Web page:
Elon Musk’s takeover has prompted some celebrities to say they’ll leave Twitter. Here’s how to deactivate your account and protect your data.

  • Elon Musk’s long-awaited purchase of Twitter was finally completed last week.
  • The deal is expected to bring changes to the platform, including charges for some services and looser moderation.
  • Read on to see how to deactivate your Twitter account, and protect your data on the site.

The protracted saga of Elon Musk’s takeover of Twitter finally came to a close last week when the billionaire entrepreneur completed a $44 billion deal to buy the social media site.

As the world’s richest person took charge, news swirled about Musk’s ideas to shake things up, with reports that the site’s verification process will be dramatically changed, and staff complaining of being asked to take on longer hours to make the changes as fast as possible.

Musk has also promised changes to the type of content allowed on Twitter, leading many to believe that it could become a space for extreme viewpoints to thrive.

In the aftermath of the takeover, a number of celebrities, including “Bridgerton” creator Shonda Rhimes and musician Sara Bareilles have announced they are leaving the platform, while NBA legend LeBron James urged Musk to address the “scary AF” surge in N-word use.

Author Stephen King also said he’d leave the site if Musk introduced a rumored $20 monthly charge to remain verified.

Following Musk’s takeover, Insider has compiled a list of ways Twitter users can protect their data on the site, and deactivate their account if they want to leave.

Data sharing

Twitter is free – for now, at least – but made over $5 billion in revenue last year. 89% of this came from advertising and the rest was from data licensing. You can’t stop Twitter entirely from tracking you, but you can limit the information the platform cleans from you.

By heading to the “Settings and privacy” tab under “Settings” on the left hand side of your Twitter feed, then going to “Privacy and safety” and scrolling down to “Data sharing and personalization,” you’ll find a few things you can opt out of.

Under “Ad preferences” you can turn off “Personalized ads,” and under “Inferred identity,” you can stop Twitter from using your information from other websites and devices off the platform.

Un-checking “Data sharing with business partners” also prevents the app from giving your information to other companies.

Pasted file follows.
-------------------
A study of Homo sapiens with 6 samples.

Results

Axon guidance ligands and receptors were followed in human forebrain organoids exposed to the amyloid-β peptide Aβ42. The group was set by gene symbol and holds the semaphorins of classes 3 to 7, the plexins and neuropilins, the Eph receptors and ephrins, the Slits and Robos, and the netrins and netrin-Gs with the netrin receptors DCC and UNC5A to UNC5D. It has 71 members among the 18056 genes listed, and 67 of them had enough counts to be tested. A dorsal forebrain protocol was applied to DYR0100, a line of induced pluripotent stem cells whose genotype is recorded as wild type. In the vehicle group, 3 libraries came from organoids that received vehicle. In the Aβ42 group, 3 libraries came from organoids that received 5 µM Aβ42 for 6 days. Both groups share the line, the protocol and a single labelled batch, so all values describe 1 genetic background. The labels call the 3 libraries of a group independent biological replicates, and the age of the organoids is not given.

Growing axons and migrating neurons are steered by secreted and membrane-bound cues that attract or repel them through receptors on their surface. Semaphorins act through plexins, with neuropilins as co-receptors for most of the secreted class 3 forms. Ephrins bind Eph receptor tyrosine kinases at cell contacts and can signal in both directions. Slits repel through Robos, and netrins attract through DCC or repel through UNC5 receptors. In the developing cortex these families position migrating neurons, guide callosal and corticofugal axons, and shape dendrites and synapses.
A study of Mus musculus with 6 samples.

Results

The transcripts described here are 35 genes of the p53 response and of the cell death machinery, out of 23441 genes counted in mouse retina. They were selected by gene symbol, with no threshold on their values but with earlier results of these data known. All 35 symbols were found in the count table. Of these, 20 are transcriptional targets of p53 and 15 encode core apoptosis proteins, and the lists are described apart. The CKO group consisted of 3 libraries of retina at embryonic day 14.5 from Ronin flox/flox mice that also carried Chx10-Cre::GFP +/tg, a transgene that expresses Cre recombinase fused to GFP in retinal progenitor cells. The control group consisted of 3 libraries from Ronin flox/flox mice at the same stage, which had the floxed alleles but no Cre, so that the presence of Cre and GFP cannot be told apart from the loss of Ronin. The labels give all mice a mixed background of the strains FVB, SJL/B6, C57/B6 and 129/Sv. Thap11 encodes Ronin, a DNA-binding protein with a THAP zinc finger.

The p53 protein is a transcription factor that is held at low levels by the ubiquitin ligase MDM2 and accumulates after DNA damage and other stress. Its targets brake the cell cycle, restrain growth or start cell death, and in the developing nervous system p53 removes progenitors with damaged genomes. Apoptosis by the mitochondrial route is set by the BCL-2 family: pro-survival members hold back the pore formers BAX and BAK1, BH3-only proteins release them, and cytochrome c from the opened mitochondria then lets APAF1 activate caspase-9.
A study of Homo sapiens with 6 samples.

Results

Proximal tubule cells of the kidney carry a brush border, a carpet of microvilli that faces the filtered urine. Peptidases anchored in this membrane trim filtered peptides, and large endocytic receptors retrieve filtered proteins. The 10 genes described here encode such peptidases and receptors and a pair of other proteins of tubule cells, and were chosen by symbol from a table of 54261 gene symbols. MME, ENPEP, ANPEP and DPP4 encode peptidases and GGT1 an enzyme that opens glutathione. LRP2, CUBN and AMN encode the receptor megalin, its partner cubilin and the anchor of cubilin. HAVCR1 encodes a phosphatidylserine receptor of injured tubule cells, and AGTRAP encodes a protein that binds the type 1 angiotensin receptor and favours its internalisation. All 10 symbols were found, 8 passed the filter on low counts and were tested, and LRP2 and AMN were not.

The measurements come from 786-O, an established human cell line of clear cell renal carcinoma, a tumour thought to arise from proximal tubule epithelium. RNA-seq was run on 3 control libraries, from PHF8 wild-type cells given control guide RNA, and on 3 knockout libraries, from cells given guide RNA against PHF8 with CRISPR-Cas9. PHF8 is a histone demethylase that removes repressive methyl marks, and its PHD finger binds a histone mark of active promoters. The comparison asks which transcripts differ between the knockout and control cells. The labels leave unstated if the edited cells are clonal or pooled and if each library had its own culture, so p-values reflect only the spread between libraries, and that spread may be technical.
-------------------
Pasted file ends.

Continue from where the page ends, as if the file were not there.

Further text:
Privacy

Musk has previously described himself as a “free speech absolutist,” and announced plans for a Twitter moderation council with “widely diverse viewpoints” to make decisions about what can be said on the platform.

If you want to be less visible on Twitter, one easy way is to make your account private. From “Privacy and safety,” go to “Audience and tagging” and check “Protect your tweets” to do so.

The “Privacy and safety” tab also allows you to mute certain words and accounts to prevent them from appearing on your feed, under “Mute and block.”

You might also want to make sure that you haven’t been sharing your location while tweeting.

Under the “Your tweets” tab, check that the “Add location information to your tweets” is unchecked, and click the button underneath to remove any information previously shared.

Back ups

If you’re weighing up whether or not you should leave Twitter, you should consider backing up your tweets and other data in case you change your mind.

Go to “Settings,” then “Your account,” click “Download an archive of your data” and enter your password to request a ZIP file of your account information. You’ll get a notification when it is ready to download.

Deleting tweets

Twitter only lets you delete one tweet at a time, which could take some time if you’ve been on the site for a while. Instead, websites like Tweetdelete.net allow you to start fresh and delete all your tweets, or just those older than a week.

It can also delete all your likes, which are publicly visible.

Deactivation

Time to say goodbye once and for all? Go to the “Deactivate your account” tab in settings.

Bear in mind that Twitter will keep your data for 30 days after you click the “Deactivate” button, allowing you to restore your account if you change your mind within that time frame.